Wednesday, November 12, 2008

November Meeting

For our November meeting we will meet at Queen Laurie's at 6:30 pm to discuss our next selection, The Alchemist by Paul Coelho. This inspirational book tells of the journey of Santiago. I'm sure we all have a "Story to Tell" about our own journey. Paul Coelho is an active internet blogger and a supporter of open sourcing through the net. You can access his website here

Discussion Questions:

1. At the start of his journey, when Santiago asks a gypsy woman to interpret his dream about a treasure in the Egyptian pyramids, she asks for one tenth of the treasure in return. When Santiago asks the old man to show him the path to the treasure, the old man requests one tenth of his flock as "payment." Both payments represent a different price we have to pay to fulfill a dream; however, only one will yield a true result. Which payment represents false hope? Can you think of examples from your own life when you had to give up something to meet a goal and found the price too high?

2. Paulo Coelho once said that alchemy is all about pursuing our spiritual quest in the physical world as it was given to us. It is the art of transmuting the reality into something sacred, of mixing the sacred and the profane. With this in mind, can you define your Personal Legend? At what time in your life were you first able to act on it? What was your "beginner's luck"? Did anything prevent you from following it to conclusion? Having read The Alchemist, do you know what inner resources you need to continue the journey?

3. One of the first major diversions from Santiago's journey was the theft of his money in Tangiers, which forced him into taking a menial job with the crystal merchant. There, Santiago learned many lessons on everything from the art of business to the art of patience. Of all these, which lessons were the most crucial to the pursuit of his Personal Legend?

4. When he talked about the pilgrimage to Mecca, the crystal merchant argued that having a dream is more important than fulfilling it, which is what Santiago was trying to do. Do you agree with Santiago's rationale or crystal merchant's?

5. The Englishman, whom Santiago meets when he joins the caravan to the Egyptian pyramids, is searching for "a universal language, understood by everybody." What is that language? According to the Englishman, what are the parallels between reading and alchemy? How does the Englishman's search for the alchemist compares to Santiago's search for a treasure? How did the Englishman and Santiago feel about each other?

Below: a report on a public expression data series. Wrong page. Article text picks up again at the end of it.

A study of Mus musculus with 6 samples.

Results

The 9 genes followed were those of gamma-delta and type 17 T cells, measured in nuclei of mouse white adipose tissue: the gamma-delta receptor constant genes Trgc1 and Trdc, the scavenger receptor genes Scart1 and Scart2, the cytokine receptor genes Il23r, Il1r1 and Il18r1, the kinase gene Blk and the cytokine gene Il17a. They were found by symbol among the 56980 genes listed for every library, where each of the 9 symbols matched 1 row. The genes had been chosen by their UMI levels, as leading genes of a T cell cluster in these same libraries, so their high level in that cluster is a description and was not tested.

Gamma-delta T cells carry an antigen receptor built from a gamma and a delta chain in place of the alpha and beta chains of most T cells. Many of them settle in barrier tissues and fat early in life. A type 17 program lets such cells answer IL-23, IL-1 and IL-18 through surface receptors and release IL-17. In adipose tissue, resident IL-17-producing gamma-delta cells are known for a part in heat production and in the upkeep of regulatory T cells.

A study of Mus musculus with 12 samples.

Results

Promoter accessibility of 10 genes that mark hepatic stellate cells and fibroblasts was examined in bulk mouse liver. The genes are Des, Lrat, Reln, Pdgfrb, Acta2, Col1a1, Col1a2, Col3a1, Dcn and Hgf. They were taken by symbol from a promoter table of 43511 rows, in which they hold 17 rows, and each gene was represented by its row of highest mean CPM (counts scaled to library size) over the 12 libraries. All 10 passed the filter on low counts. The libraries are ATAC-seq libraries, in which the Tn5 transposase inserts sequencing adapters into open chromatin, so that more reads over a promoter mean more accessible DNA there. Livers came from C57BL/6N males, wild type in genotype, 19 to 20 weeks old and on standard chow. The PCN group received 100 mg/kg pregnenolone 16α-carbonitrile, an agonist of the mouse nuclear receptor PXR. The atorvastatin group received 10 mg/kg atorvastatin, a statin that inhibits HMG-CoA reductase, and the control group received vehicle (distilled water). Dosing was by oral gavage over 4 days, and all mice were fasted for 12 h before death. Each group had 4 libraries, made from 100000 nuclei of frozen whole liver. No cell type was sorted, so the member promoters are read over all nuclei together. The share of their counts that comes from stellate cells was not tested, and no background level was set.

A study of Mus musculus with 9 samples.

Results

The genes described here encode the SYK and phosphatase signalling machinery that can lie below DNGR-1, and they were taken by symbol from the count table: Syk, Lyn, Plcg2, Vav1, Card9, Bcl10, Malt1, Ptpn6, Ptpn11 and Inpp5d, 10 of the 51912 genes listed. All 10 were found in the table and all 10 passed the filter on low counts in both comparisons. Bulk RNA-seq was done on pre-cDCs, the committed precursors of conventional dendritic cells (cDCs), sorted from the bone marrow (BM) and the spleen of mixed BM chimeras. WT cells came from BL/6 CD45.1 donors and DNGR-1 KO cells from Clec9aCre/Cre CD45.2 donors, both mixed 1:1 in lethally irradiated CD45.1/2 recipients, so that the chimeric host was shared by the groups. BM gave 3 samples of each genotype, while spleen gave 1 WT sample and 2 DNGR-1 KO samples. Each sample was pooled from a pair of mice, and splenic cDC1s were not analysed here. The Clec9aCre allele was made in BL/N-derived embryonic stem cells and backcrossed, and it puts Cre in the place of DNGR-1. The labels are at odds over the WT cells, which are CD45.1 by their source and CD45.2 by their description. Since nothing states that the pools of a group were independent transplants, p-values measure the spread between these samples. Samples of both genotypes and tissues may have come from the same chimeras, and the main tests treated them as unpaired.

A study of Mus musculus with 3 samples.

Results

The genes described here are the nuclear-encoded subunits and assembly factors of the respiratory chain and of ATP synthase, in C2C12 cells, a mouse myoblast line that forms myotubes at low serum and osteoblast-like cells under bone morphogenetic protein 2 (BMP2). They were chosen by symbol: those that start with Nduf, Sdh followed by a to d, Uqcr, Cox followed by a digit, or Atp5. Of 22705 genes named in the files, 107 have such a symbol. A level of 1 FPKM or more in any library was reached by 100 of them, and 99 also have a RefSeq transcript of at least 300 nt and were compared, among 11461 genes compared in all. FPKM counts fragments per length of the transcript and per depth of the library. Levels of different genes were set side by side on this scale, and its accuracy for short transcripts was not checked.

6. The alchemist tells Santiago "you don't have to understand the desert: all you have to do is contemplate a simple grain of sand, and you will see in it all the marvels of creation." With this in mind, why do you think the alchemist chose to befriend Santiago, though he knew that the Englishman was the one looking for him? What is the meaning of two dead hawks and the falcon in the oasis? At one point the alchemist explains to Santiago the secret of successfully turning metal into gold. How does this process compare to finding a Personal Legend?

7. Why did Santiago have to go through the dangers of tribal wars on the outskirts of the oasis in order to reach the pyramids? At the very end of the journey, why did the alchemist leave Santiago alone to complete it?

8. Earlier in the story, the alchemist told Santiago "when you possess great treasures within you, and try to tell others of them, seldom are you believed." At the end of the story, how did this simple lesson save Santiago's life? How did it lead him back to the treasure he was looking for?

From the University of Chicago

  • What is meant by the "lanuage of the world"?
  • Are omens really out there and are they important? What are omens? Are they just illusions that we see to justify something we feel or want to do, or are they something more?
  • Are the king, the crystal merchant and the alchemist the same person or spirit?
  • What was the point of finding the treasure close to where it was first dreamed about?
  • Was the journey or finding the treasure more important? What does this mean about life?
  • What happens in life when one actually achieves their personal legend?
  • What was the point of the boy becoming the wind?
  • What is your personal legend? Is it important to have one?
  • Does the simplistic and primitive style of this book add or detract from the main goal, what ever you think the main goal is?
  • What does it mean to say "the universe conspires to help you achieve what you want"?